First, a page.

One of the few success stories to emerge from California’s ill-fated experiment with restructuring its power market is solar power. Over the last two years, installations of this clean non-polluting energy source have increased by 1,000 percent.
Poll after poll consistently ranks solar energy as the first choice of citizens when queried about what fuel source they prefer to generate their electricity. Given concerns over national security and the corresponding vulnerability of fossil fuel supplies, and the growing evidence confirming a link between fossil fuel burning and global climate change, increasing the nation’s reliance upon solar power has never made more sense.
Last year, utilities mounted a campaign to increase the cost and complexity of “net metering,” a policy pioneered in California that allows a owner of a solar energy system connected to the grid to barter with their utility. When the sun is shining, solar photovoltaics (PV) transform sunlight into electricity. If the owner of the solar system doesn’t need the power produced by solar panels, the electricity can be sent back to the grid under net metering. When the sun isn’t shining, the utility, in essence, returns the electricity back to the customer. The meter spins backwards and forwards until production and consumption is netted out on a monthly or annual basis.
Due to a last-minute grassroots lobbying effort by solar advocates and customers, proposed utility changes to net metering for large-scale solar systems were defeated in the closing days of the last legislative session. This year, the California Public Utilities Commission (CPUC) proposed what amounts to a new tax on customer-owned solar systems that would increase the cost of this non-polluting electricity source by up to 40 percent.
If California’s powerful private utilities – Pacific Gas & Electric (PG&E), Southern California Edison (SCE) and San Diego Gas & Electric (SDG&E) – have their way, charges ranging from 2 to 5 cents/kWh will be added to each kilowatt hour produced by solar systems that, like energy efficiency measures, reduce the need to purchase electricity from other often more polluting and sometimes more often more expensive sources.
Why would the CPUC increase costs of solar power that would effectively wipe out a 40 percent subsidy granted to solar PV under other existing state programs?
Large industrial customers were recently authorized to retain electricity purchase contracts with outside parties even though small consumers are still required to continue buy overpriced and dirty long-term power supplies purchased by the State of California during the height of the energy crisis in 2001. In exchange for the right to buy cheap and dirty power, the CPUC will require these large customers to pay an “exit fee” or tax to help pay their fair share of the state’s investment in long-term fossil fuel supply.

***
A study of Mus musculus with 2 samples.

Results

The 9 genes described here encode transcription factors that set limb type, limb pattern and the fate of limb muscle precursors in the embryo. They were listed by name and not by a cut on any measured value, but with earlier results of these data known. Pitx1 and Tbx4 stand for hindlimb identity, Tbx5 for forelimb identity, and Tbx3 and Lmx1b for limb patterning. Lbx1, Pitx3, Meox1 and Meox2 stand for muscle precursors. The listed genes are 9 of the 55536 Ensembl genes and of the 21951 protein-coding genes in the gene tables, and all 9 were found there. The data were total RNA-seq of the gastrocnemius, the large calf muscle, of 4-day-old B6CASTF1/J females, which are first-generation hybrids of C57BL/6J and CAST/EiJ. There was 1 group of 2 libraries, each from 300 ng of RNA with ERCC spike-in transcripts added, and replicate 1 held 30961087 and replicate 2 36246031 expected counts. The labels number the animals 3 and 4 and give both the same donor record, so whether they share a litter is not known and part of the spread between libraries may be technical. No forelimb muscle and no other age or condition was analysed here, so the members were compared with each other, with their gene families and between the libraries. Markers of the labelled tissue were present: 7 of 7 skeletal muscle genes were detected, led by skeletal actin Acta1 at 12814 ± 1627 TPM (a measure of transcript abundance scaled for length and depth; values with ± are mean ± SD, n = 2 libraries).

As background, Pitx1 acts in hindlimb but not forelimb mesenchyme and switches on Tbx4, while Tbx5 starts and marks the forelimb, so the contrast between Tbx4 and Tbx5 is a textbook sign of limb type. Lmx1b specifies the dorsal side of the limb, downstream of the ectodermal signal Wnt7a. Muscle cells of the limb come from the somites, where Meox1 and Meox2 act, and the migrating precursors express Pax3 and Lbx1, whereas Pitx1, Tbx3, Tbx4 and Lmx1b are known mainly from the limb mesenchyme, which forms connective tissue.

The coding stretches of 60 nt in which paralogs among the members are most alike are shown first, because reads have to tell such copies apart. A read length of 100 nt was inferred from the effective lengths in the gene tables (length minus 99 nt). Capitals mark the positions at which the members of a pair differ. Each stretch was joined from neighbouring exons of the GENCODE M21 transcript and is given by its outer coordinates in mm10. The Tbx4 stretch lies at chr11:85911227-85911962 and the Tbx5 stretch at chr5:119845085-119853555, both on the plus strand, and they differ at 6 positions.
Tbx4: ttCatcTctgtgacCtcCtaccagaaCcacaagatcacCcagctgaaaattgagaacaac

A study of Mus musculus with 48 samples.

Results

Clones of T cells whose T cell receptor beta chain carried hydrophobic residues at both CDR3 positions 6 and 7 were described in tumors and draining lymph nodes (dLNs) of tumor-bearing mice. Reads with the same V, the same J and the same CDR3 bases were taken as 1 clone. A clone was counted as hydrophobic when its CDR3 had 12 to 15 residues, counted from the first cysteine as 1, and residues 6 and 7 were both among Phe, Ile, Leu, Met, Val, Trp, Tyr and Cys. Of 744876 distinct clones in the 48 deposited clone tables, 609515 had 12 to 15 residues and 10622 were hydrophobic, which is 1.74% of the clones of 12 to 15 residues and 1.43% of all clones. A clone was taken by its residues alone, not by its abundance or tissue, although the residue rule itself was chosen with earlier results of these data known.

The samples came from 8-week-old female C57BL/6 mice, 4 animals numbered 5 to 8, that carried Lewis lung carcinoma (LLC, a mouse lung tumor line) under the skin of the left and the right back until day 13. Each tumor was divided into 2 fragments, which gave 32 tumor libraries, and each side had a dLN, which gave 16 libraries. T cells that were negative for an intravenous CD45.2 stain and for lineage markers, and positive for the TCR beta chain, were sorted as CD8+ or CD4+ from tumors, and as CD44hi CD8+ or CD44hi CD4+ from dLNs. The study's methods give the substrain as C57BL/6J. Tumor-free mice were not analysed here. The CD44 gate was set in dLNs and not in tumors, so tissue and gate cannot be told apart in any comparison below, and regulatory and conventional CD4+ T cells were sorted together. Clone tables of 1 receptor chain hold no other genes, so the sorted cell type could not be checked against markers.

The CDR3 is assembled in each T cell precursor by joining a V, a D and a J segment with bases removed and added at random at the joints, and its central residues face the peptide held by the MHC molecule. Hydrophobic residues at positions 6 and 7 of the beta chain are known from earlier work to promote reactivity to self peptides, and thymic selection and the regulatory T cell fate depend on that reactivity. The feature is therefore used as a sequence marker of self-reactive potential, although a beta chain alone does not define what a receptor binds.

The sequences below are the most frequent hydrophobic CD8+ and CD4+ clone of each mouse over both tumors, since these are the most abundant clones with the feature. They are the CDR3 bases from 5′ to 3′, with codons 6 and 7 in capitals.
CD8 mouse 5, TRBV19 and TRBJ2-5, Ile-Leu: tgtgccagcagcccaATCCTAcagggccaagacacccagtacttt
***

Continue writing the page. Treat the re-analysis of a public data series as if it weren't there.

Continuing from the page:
PG&E, SCE, and SDG&E would now like to also charge individual customers who install a solar electric system on their facility the same (or higher!) charge on large industrial customers who entirely leave the system. This proposed charge is fundamentally unfair for several reasons:
- Individuals, companies and government facilities that install solar systems still buy most of their power from utilities. Therefore they pay the same overall higher rates to pay off state investment in power supplies as all other utility customers.
- Customer-owned solar power provides public benefits by delivering non-polluting electricity during peak demand periods, when the dirtiest electric generators often come on line to avoid blackouts. Large customers who entirely leave the system offer no comparable benefit.
- The proposed utility “solar tax” directly contradicts existing state policies designed to encourage expanded use of on-site solar power. On top of that, implementing the new solar tax will create administrative costs for utilities that will likely supersede the miniscule amounts of money collected from solar customer/generators.
Remarkably, the CPUC suddenly seems to be engaged in a radical about face and shifting toward opposing the utility exit fee assessments. Over 7,000 e-mails opposing exit fees on solar systems were received by the CPUC. This outpouring of support for solar energy prompted two of the five CPUC Commissioners to offer counter proposals to the original utility-sponsored exit fee proposal that would exempt all solar PV customers from exit fees.
Exempting all solar customers connected to the grid from exit fees is the only rational policy if one looks at the big picture. Does anyone propose to tax people who reduce their reliance upon grid power by being more energy efficient? Of course not! In fact, the customers are rewarded for that beneficial behavior with financial incentives. Solar customers also reduce peak demand should be encouraged, not dissuaded by new financial penalties.
The CPUC seems to be finally seeing the light. Though disorganized and vastly outspent in the past, the solar lobby in California is maturing and having an impact on public policy. It is demonstrating that its voice can be heard both in the California Legislature and in the hearing rooms of state regulators. The phrase “power to the people” is taking on a whole new meaning as solar advocates flex their muscles against powerful utilities. In the process, they are using their newfound clout to foster real world solutions that benefit economy and environment.